Including philanthropy in your estate plan requires asking yourself a few key questions.

Man and woman look over paperwork and a computer, considering their estate plan.

What kind of legacy do you want to leave?

Many people want their wealth to help sustain an organization or advance a cause they care about. When considering philanthropy in your estate plan, think about whether you want to focus on one organization or issue or if you want to support multiple organizations or issues that reflect a broader vision for your legacy.

When do you want to start giving?

You can include philanthropy in your estate plan by building a directive into your will to donate a specific amount of money to a particular organization. But you don’t have to wait until you die to begin transferring those funds. You can also start giving directly while you are still alive by gifting directly to a charitable organization or by setting up a charitable trust.

Have you considered a trust?

Depending on the size of your endowment, you might want to consider creating a trust to maintain some control over how the funds are used. For instance, you can create a revocable or irrevocable trust and name an organization as a beneficiary — along with any other recipients you choose. You can also set up a charitable trust that lets you make charitable payments to a qualifying organization during your lifetime. How you transfer assets to a charitable organization can affect your personal and estate taxes, so be sure to consult with an estate planning or tax professional when developing your plans.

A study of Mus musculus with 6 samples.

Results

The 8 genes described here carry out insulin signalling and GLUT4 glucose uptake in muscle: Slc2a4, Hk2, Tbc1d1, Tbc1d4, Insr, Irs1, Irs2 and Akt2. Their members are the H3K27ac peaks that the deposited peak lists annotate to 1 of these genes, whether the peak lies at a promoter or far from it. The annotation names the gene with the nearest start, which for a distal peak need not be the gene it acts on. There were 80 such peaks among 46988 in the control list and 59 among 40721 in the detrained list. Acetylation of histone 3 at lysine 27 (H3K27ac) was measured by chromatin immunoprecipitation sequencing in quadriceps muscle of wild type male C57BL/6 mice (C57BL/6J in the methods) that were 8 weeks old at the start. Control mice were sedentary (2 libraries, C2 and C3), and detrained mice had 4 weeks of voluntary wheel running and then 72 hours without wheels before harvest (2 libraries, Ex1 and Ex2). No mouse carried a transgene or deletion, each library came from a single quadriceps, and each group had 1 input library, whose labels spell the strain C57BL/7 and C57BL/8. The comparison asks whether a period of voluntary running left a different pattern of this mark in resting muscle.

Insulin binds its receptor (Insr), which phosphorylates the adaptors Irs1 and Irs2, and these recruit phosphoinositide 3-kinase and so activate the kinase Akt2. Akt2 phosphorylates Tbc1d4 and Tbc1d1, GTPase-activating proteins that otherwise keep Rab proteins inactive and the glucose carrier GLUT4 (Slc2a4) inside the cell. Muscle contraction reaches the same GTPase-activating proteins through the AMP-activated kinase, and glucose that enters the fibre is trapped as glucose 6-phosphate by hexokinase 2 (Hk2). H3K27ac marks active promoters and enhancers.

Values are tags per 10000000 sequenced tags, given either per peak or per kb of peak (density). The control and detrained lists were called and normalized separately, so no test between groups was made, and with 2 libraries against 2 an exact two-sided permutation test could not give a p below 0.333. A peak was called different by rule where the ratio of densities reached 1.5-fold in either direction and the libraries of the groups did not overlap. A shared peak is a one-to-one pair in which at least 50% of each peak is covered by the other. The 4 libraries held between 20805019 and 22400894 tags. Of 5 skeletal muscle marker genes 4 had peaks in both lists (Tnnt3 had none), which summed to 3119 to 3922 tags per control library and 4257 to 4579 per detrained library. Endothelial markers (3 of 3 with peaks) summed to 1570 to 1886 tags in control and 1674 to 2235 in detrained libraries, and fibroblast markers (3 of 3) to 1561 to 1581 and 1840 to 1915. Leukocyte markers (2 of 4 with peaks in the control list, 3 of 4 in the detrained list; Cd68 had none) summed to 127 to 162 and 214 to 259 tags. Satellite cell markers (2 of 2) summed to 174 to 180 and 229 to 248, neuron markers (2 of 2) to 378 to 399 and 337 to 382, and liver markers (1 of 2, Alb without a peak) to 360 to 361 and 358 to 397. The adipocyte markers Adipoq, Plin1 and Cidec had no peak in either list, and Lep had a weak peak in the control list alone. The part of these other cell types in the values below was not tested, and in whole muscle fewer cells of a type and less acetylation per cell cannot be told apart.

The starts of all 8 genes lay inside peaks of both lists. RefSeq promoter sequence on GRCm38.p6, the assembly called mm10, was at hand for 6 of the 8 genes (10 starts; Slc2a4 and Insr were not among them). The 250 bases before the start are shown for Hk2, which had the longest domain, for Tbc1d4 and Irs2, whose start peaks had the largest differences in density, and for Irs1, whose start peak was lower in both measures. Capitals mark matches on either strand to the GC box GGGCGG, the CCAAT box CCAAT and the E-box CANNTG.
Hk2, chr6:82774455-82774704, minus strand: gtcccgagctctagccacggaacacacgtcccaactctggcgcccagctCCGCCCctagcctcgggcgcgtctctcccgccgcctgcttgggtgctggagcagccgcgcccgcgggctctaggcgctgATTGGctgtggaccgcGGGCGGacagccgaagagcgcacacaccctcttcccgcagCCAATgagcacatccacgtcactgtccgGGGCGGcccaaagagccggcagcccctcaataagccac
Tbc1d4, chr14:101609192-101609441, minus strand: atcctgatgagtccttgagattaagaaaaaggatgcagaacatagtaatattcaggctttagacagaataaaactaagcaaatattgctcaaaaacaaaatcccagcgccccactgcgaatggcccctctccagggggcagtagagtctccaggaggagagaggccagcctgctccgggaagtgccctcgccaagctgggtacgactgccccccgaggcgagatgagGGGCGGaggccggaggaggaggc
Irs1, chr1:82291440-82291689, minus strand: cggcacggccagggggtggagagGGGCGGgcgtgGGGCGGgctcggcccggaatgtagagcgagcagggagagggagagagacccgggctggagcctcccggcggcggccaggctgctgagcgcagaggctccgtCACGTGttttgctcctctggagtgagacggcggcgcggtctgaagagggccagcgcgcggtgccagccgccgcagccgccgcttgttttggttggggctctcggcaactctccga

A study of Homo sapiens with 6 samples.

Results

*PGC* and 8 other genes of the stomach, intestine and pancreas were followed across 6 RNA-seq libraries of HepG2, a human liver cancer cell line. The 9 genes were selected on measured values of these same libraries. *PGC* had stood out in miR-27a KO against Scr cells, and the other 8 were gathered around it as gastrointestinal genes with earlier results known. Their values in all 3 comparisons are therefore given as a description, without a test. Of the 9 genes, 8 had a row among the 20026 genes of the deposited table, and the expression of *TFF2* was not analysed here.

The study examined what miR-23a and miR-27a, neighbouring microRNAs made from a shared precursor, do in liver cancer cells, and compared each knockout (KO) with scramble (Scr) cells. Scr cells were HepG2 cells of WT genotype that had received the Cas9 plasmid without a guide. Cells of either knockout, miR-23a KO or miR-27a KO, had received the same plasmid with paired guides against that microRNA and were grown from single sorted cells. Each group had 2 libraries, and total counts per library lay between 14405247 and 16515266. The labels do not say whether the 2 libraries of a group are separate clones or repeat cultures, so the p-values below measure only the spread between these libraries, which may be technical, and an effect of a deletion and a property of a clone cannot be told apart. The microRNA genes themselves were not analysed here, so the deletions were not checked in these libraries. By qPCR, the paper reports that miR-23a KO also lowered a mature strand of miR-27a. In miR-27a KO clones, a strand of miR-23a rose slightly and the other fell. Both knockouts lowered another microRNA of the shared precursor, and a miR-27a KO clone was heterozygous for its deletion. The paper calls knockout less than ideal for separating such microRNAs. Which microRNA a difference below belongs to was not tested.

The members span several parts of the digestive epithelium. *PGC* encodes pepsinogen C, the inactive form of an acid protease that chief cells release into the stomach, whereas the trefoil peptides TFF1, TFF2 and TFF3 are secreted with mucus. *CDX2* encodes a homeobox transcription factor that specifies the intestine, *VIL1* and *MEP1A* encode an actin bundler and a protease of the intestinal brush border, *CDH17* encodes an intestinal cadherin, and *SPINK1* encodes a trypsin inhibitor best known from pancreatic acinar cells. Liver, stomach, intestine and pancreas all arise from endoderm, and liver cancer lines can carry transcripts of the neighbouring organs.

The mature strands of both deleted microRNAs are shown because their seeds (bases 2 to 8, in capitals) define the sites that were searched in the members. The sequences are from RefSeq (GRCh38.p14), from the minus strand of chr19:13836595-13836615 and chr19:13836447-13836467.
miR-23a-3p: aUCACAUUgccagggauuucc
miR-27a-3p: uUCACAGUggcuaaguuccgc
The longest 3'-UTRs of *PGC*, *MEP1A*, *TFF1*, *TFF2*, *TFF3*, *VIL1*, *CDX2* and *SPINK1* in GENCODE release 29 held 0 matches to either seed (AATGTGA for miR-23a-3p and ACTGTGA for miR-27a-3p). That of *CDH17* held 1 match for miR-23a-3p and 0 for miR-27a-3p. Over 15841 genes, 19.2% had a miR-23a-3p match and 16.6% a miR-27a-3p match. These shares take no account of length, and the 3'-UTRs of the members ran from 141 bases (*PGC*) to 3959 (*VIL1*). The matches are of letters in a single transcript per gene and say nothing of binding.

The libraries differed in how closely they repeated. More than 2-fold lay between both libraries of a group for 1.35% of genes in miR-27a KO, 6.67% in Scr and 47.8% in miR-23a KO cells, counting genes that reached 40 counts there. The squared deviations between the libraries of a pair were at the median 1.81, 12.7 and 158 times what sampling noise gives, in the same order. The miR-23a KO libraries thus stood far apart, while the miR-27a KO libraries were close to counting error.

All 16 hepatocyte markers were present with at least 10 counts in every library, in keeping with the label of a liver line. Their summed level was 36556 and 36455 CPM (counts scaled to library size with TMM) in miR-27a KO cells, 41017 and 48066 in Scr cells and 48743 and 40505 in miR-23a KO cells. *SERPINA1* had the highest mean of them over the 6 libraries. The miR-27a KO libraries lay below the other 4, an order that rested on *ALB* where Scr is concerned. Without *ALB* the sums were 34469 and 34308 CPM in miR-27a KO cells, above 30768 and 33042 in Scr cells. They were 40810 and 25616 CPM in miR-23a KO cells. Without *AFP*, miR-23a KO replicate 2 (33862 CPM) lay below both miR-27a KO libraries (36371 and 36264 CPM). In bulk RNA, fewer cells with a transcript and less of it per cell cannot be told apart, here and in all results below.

Have you shared your plans with your family?

Talk to your heirs about your vision for your legacy so they are not surprised by the directions you leave in your will — particularly if it involves leaving bequests to charities. Letting them know your plans in advance can help them avoid confusion down the road and potential conflicts among your beneficiaries.

The information in this article was obtained from various sources not associated with State Farm® (including State Farm Mutual Automobile Insurance Company and its subsidiaries and affiliates). While we believe it to be reliable and accurate, we do not warrant the accuracy or reliability of the information. State Farm is not responsible for, and does not endorse or approve, either implicitly or explicitly, the content of any third party sites that might be hyperlinked from this page. The information is not intended to replace manuals, instructions or information provided by a manufacturer or the advice of a qualified professional, or to affect coverage under any applicable insurance policy. These suggestions are not a complete list of every loss control measure. State Farm makes no guarantees of results from use of this information.

Neither State Farm nor its agents provide tax or legal advice.